I came across this question in a magazine, “What’s the best compliment you’ve been given?”. It made me think of what my linguistics professor once said; that women get complimented more than men although women are the ones more likely to dish them out. They’re meaningless, frivolous compliments such as, “I love your shoes!” with the other person responding, almost automatically, “Thank you, I love your bag!” even if said bag is hideous.
I always thought that compliments on outer beauty were less significant because we don’t choose the features that we have, whether it’s brown or blue eyes or straight or curly hair; we don’t have a say in the features we’re born with. Granted, being told that you’re beautiful gives a certain confidence, enabling one to catwalk down the shopping aisle instead of walk. But thinking beyond an ego boost, what would be the best, most meaningful compliment? I would like to think that it goes beyond my physical appearance because my looks are the least extraordinary thing about me.
I didn’t have to think long and hard about it because there’s one compliment that stands out like headlights in mist. I’ve always wanted to inspire others; for them to aspire to do the right thing regardless of popular opinion. It’s advice that I give my brother often because peer pressure and conformity permeates society these days. I’ve always been proud that I’ve never given in to peer pressure because I’ve grown to care more for what my conscious will do to me than what other people will say about me.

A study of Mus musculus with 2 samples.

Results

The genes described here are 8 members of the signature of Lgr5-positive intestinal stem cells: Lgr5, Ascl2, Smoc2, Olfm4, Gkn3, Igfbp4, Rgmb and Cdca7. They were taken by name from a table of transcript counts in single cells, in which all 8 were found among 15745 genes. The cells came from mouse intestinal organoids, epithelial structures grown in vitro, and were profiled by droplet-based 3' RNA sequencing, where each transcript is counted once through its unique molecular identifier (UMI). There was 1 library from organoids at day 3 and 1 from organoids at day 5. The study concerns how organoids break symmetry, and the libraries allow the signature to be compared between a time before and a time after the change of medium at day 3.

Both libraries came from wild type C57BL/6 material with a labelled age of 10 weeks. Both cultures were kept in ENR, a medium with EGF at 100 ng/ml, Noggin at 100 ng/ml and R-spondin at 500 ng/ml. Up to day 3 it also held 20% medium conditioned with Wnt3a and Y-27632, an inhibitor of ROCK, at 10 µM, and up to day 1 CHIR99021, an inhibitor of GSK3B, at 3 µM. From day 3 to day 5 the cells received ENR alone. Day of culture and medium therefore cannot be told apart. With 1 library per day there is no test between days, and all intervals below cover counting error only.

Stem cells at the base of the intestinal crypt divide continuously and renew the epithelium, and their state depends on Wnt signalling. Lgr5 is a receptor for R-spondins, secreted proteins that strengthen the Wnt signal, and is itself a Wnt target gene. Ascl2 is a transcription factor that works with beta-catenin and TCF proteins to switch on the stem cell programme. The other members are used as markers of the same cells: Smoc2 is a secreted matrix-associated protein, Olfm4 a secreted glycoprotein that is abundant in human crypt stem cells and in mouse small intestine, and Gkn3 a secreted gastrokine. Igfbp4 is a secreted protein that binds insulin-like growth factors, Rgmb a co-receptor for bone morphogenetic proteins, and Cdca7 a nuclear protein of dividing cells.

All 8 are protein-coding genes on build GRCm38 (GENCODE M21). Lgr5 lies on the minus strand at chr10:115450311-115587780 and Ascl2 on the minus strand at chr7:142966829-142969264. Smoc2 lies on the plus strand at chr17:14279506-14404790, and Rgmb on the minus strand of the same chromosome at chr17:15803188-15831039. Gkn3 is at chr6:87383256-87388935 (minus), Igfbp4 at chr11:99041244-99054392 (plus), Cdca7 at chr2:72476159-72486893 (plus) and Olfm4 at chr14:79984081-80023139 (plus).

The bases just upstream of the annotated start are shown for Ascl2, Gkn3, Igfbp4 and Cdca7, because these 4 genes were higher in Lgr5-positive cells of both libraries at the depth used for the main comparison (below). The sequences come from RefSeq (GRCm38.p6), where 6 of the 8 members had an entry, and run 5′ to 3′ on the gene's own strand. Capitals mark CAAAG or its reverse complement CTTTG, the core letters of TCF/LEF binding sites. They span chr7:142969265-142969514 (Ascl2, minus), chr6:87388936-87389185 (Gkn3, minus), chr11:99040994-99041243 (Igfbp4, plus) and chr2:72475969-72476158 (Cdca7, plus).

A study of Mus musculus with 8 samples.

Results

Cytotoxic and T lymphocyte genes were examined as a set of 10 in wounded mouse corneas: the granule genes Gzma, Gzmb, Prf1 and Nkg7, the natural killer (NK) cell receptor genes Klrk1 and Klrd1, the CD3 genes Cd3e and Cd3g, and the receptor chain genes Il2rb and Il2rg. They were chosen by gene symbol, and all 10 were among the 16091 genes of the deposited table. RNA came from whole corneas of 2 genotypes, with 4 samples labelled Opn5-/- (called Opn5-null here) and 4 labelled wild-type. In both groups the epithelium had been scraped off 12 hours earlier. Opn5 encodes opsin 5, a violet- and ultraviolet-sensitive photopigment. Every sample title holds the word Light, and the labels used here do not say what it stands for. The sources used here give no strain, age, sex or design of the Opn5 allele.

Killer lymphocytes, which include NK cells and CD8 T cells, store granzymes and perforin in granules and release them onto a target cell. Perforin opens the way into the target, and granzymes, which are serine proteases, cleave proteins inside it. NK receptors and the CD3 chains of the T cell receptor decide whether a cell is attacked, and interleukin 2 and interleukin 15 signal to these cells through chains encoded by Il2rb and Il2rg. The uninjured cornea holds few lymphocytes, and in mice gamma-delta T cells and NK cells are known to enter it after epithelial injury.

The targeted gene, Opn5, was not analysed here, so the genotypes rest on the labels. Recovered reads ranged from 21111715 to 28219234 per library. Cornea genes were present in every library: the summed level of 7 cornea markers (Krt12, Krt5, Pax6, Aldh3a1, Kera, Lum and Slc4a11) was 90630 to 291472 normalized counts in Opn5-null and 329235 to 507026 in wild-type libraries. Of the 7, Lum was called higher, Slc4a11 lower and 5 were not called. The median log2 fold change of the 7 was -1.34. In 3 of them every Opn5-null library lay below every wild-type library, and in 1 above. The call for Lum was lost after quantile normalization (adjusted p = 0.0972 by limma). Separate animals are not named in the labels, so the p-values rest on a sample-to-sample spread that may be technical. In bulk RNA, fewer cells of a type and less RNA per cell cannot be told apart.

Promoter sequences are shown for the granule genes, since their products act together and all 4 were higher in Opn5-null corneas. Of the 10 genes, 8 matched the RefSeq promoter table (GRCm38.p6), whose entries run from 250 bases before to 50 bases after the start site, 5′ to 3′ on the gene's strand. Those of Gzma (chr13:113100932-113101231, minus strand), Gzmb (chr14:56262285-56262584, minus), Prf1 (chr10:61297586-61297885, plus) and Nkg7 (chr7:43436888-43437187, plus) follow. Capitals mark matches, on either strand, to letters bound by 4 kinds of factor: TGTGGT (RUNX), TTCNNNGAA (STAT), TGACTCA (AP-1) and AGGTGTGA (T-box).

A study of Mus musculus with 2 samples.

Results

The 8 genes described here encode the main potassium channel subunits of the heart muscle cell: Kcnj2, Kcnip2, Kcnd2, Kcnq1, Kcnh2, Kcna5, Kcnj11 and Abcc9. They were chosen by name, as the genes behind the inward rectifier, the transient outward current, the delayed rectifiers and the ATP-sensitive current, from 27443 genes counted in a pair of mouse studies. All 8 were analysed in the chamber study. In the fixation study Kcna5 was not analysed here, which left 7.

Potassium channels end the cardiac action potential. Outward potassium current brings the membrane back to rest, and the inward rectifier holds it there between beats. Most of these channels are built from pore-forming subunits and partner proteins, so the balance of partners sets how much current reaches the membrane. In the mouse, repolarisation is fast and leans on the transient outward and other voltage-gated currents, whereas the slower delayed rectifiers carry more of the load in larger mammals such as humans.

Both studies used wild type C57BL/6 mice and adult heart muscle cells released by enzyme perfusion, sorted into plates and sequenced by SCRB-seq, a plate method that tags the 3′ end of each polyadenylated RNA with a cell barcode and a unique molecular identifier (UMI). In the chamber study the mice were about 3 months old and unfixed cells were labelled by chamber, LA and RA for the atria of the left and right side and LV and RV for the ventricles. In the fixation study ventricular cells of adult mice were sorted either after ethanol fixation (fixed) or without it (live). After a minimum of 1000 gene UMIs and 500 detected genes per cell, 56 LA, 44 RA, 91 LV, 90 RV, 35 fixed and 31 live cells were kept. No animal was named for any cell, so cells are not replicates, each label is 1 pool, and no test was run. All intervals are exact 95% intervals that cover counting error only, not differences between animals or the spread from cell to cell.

A few months ago a friend told me that I inspired her to pray when we were much younger. I never knew that I influenced her in that way especially because I don’t force my beliefs on anyone. I believe religion is a personal thing but I felt a flood of warmth when she told me. To be honest, I cried. To inspire someone to have more faith and a closer relationship with Allah [God] by doing nothing else other than being oneself is the greatest compliment I have ever gotten. A few days ago that same friend mentioned it to me again and it got me thinking about things such as compliments and inspiration and what impression we give other people. Couple that with a question in a magazine and you get this post.
We can’t all be everyone’s proverbial cup of tea because it’s impossible to please everyone without compromising who we are. I know there are many people who don’t like who I am. I’m opinionated, I laugh out loud, I don’t mind being the center of attention because I don’t crave it nor do I shy from it. If being who I am doesn’t please someone, that’s fine. But if being who I am inspires others, then great. The best compliment we can give ourselves is to respect and love ourselves enough to just be who we are. Because in the end that’s more than enough.